A blueprint put forward by the City for how financial services could continue to trade after Brexit has been rejected by EU officials.
According to Reuters, Brussels has dismissed the IRSG's proposal to allow firms to operate in each others’ markets without barriers because Britain has said it will leave the Single Market.
The wire quotes two sources who attended a recent meeting in which the plan, which had been thought to be gaining traction on both sides of the Channel, was tossed out.
"They have made it very clear to us that this is unacceptable to them,” said one senior British finance executive told Reuters. “This was our best and frankly only proposal. We don’t have a plan B.”
However a City source told City A.M. the report did not resonate with feedback from the continent, with relevant parties still apparently on board with the plan.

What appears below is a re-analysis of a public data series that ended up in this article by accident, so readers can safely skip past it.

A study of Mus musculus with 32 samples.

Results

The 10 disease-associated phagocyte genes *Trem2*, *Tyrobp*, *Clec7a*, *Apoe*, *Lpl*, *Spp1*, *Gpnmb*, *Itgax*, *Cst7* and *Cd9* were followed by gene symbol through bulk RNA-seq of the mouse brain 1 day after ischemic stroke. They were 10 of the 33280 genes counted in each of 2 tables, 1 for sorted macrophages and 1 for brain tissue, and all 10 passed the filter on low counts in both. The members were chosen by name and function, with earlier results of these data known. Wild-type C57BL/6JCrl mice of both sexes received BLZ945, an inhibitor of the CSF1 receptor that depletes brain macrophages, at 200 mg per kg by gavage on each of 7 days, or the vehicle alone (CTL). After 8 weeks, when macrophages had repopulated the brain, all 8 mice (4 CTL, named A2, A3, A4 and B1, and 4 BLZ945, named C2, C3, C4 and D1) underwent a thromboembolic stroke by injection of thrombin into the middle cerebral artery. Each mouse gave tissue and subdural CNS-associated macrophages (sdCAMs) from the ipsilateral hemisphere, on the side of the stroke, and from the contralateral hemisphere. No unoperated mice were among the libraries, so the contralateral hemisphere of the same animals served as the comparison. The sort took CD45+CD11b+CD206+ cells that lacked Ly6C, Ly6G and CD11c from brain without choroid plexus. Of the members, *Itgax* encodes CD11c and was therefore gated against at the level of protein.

Separately, City A.M. understands that the thinking in Whitehall has also shifted since the plan was first published, with officials preferring a managed divergence route.
The source said it was recognised that the UK would have to accept regulatory alignment with some industries, such as aviation, where Open Skies would be virtually impossible to operate outside of, but that there was greater flexibility for sectors such as financial services.
A government source stressed that no single proposal would form the basis of an official position.
Chair of the IRSG, and author of the report, Mark Hoban, said: “The financial services sector has led the way in formulating its proposals for the UK’s future trading relationship with the EU and the International Regulatory Strategy Group has set out that thinking in its reports. While ambitious, this approach is backed by industry, has the interest of government and is being discussed in Member States across the EU.
“It is clear from meetings with EU institutions and member states in recent days that only now are people looking at alternative models for the UK/EU27 relationship. There is agreement that the existing third country regime does not provide a robust basis for maintaining high levels of trade.
“People are very keen to explore in detail to how our FTA model works and why it meets the UK and the EU27 red lines.”